Computer science is all about answering the question, "How can we tell a computer what to do and what to solve while recognizing that some problems are inherently stubborn"?
Statistics is all about answering the question, "How can we use historical data to predict the future? What conclusions can we make from that data?".
Machine learning is all about asking, "How can we build a machine –or even better, a system– that automatically improves the experience? How can we train these computers to solve problems. This includes deciding for themselves how to structure their problems and proccesses to reach their goal?"
Here are a few tools for data mining and machine learning. Note: data mining can also be referred to as "unsupervised learning" and machine learning is "supervised learning".
The Three D's of AI
The three D's of artificial intelligence are that it can: detect, decide and develop.
AI can discover which elements or attributes in a subject matter domain are the most predictive.
AI can infer rules about data, from data and weigh the most predictive attributes against each other to make a decision.
AI can grow and mature with each iteration. It can alter its opinion about the environment as well as how it evalutes that environment. It can program itself.
So here's the scenario. Your boss knows that you've been collecting event tracking data through Google Analytics and she wants to know if there are any interesting patterns we can give to the marketing department for an upcoming campaign. She doesn't really know what's there but she assigns the task to you to find some form of hidden value. So you go back to your office and start thinking about how you can use data mining to find value.
These are the kinds of services companies like Palentir offer but your firm doesn't have the time or money to explore that option so they decide to do it in-house, first starting with you.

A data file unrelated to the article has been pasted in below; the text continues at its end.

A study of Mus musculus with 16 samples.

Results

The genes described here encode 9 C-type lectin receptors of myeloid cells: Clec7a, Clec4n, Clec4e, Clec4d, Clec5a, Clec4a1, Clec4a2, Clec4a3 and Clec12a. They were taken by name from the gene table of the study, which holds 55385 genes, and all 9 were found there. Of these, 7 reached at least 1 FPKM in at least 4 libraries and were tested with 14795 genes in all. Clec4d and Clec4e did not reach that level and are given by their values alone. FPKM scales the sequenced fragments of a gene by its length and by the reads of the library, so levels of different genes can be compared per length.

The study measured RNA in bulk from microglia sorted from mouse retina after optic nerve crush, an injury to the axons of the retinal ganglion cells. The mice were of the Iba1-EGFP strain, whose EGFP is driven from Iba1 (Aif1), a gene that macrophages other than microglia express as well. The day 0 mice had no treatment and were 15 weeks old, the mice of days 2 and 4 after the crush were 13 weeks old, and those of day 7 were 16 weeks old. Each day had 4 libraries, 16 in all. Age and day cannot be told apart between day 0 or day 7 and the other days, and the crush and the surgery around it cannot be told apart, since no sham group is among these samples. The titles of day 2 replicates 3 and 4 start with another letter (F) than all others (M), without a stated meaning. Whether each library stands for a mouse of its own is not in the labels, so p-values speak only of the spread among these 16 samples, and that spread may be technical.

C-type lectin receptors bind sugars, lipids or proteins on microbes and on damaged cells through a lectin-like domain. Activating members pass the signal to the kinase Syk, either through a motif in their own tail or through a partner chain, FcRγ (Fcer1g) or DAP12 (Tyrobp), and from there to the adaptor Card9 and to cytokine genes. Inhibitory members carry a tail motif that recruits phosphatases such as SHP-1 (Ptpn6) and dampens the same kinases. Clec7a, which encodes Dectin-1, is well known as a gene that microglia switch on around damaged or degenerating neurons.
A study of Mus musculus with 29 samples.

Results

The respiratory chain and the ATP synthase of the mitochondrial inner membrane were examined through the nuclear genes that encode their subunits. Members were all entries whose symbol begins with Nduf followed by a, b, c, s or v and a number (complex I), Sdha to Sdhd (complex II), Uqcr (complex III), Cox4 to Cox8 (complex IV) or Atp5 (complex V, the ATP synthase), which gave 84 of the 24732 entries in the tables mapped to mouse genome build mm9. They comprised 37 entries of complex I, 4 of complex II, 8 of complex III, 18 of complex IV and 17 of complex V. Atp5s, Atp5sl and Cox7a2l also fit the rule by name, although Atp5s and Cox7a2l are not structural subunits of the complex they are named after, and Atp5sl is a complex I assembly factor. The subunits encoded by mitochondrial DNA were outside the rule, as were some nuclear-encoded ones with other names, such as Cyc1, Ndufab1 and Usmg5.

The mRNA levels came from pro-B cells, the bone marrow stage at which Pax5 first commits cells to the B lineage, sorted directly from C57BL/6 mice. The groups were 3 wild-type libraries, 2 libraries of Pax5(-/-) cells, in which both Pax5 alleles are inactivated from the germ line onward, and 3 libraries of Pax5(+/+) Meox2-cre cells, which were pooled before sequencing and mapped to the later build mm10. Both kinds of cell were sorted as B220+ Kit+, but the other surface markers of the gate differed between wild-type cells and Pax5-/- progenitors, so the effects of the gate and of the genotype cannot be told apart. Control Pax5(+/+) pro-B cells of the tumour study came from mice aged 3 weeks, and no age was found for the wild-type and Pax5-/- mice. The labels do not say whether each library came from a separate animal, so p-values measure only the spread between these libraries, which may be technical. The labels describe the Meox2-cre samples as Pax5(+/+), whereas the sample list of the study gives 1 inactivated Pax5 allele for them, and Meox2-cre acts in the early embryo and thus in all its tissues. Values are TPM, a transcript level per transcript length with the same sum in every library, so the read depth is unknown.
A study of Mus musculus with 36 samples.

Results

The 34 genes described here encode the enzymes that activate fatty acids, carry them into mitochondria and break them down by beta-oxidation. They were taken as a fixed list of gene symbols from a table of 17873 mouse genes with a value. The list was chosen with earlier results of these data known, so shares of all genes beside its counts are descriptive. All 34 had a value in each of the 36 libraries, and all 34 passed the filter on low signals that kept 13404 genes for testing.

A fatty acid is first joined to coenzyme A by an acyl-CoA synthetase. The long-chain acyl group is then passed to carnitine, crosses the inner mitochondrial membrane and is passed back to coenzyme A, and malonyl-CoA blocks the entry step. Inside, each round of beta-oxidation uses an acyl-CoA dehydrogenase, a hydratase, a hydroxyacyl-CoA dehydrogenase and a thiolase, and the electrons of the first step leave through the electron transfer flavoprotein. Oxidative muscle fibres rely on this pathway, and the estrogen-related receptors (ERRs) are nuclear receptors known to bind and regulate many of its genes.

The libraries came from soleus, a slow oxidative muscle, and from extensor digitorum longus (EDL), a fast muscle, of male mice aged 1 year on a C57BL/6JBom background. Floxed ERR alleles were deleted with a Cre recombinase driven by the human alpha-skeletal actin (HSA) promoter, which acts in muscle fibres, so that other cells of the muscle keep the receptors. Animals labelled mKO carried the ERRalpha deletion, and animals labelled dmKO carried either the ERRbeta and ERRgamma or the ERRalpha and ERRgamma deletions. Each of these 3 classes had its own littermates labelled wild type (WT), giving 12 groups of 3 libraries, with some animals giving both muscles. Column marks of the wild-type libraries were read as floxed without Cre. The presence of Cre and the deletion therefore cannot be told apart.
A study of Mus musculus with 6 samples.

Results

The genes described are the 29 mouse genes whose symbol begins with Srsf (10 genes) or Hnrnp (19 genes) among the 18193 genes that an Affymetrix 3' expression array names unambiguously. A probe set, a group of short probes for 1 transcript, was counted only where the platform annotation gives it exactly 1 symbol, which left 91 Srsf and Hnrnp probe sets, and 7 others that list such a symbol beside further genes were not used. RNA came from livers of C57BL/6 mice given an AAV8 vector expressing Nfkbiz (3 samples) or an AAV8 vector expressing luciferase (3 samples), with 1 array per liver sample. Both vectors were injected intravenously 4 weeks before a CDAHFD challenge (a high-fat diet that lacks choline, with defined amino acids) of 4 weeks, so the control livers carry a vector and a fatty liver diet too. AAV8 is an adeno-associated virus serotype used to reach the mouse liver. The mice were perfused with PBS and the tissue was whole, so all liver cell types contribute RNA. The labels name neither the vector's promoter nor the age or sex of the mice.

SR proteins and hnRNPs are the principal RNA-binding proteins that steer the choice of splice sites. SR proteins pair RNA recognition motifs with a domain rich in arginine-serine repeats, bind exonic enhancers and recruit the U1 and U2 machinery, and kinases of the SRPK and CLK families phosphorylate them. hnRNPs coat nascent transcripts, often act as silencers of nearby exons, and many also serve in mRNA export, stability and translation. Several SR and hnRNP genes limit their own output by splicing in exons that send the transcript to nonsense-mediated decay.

In order to generate a cool report for your VP or manager, you first need to export it in a format that they can understand and process. But before you can even export data, you need to process it using an algorithm. One step before that, you probably don't want to run an algorithm on data before you've processed it. Of course, it's hard to process data before you've collected it.
Therefore, before we can start, we need to gather a few ingredients and tools to process data.
The ingredients are pretty simple. Here's the breakdown:
Raw or processed data
Tools to process raw data
Algorithms to extrapolate processed data
Tools to present data in a digestible format for managers or decision makers.
I will add more data sources as time goes on but for now, please refer to my previous blog entry
Data types as inputs
Not all data is made or formatted the same. When deciding which dataset to use, I'll need to consider the content, the source (and its credibility), the licenses on that data and the actual format. Here are a few popular formats:
Separatd by carriage return
Comma separated values (CSV)
Tab separated values (TSV)
Extensible markup language (XML)
YAML ain't markup language (YAML)
Algorithms require data to do their work --which is why the following category will discuss software tools like Spring XD-- but first lets list a few noteable algorithms:
Naive Bayes Classifier Algorithm is great for classifying things. The reason this tool comes in handy is because it's too difficult classify a web page, a document, an email or any other lengthy text notes manually.
SPAM filters were originally built using this algorithm.
Classifying content, metadata and user data.
Categorizing content, metadata and user preferences and lifestyle information.
Sentiment analysis from sources like Twitter.
Support Vector Machine Algorithm
Artificial Neural Networks
K Means Clustering Algorithm is great for clustering data. It can help you organize words into multiple buckets for cross referencing or triangulation.
Iterative Dichotomiser 3 was invented by Ross Quinlan to create trees from datasets. It's based on the information gain method
C4.5 has the ability to work despite missing attribute values.
Chi-squared Automatic Interaction Detection
Multivariate adaptive regression splines
Weka is a data mining took it from the University of New Zealand that helps you with:
Mahoutfrom the Apache Foundation is an open source toolkit that offers libraries that work with these algorithms.